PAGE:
The New Zealand Debt Conversion Act 1933: a case study in coercive domestic public debt restructuring
New Zealand entered the Great Depression with very large public and private debts. The burden of those debts was greatly exacerbated by the unexpected size of the fall in real incomes and in the price level. In 1931 and 1932, the government passed legislation to ease pressure on private creditors, and in 1933 followed Australia’s lead in using legislation to compel domestic holders of existing government debt to accept a lower interest rate on that debt. The conversion operation appears to have had a number of goals. The fiscal savings were significant, although probably not decisive. It was also hoped that cutting interest rates on outstanding domestic debt might make external creditors more receptive to lowering the cost of New Zealand’s substantial offshore public debt. Perhaps as importantly, the conversion operation was one more piece in an ongoing programme of measures to adjust to, and reverse, some of the redistributive effects of the unexpected steep fall in the price level.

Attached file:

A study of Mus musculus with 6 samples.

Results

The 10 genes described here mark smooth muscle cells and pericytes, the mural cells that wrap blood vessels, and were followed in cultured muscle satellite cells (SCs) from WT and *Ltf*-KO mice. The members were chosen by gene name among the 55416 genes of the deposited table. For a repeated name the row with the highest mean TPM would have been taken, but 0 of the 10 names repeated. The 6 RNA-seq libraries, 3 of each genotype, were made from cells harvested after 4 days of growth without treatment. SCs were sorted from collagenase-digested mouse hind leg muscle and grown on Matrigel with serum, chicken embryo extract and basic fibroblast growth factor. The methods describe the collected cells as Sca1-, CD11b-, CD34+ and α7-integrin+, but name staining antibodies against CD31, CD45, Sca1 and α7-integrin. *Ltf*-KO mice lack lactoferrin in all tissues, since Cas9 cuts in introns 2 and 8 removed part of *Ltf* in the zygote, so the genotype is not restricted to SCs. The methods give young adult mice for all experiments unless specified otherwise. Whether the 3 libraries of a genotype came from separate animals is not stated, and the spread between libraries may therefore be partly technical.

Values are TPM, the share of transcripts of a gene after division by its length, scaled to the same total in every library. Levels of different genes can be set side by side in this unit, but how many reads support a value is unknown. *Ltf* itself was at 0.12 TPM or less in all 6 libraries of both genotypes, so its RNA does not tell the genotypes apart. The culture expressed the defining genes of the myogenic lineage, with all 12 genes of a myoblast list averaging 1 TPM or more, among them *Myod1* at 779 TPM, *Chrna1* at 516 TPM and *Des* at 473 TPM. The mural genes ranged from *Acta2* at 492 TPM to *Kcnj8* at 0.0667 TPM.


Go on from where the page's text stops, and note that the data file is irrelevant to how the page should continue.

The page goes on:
Volume (Year): 75 (2012)
Issue (Month): (March)
"A Decade of Debt,"
Central Banking, Analysis, and Economic Policies Book Series,
in: Miguel Fuentes D. & Claudio E. Raddatz & Carmen M. Reinhart (ed.), Capital Mobility and Monetary Policy, edition 1, volume 18, chapter 4, pages 97-135
Central Bank of Chile.
- A. H. Tocker., 1932. "Exchange Control In New Zealand," The Economic Record, The Economic Society of Australia, vol. 8(1), pages 112-115, 05.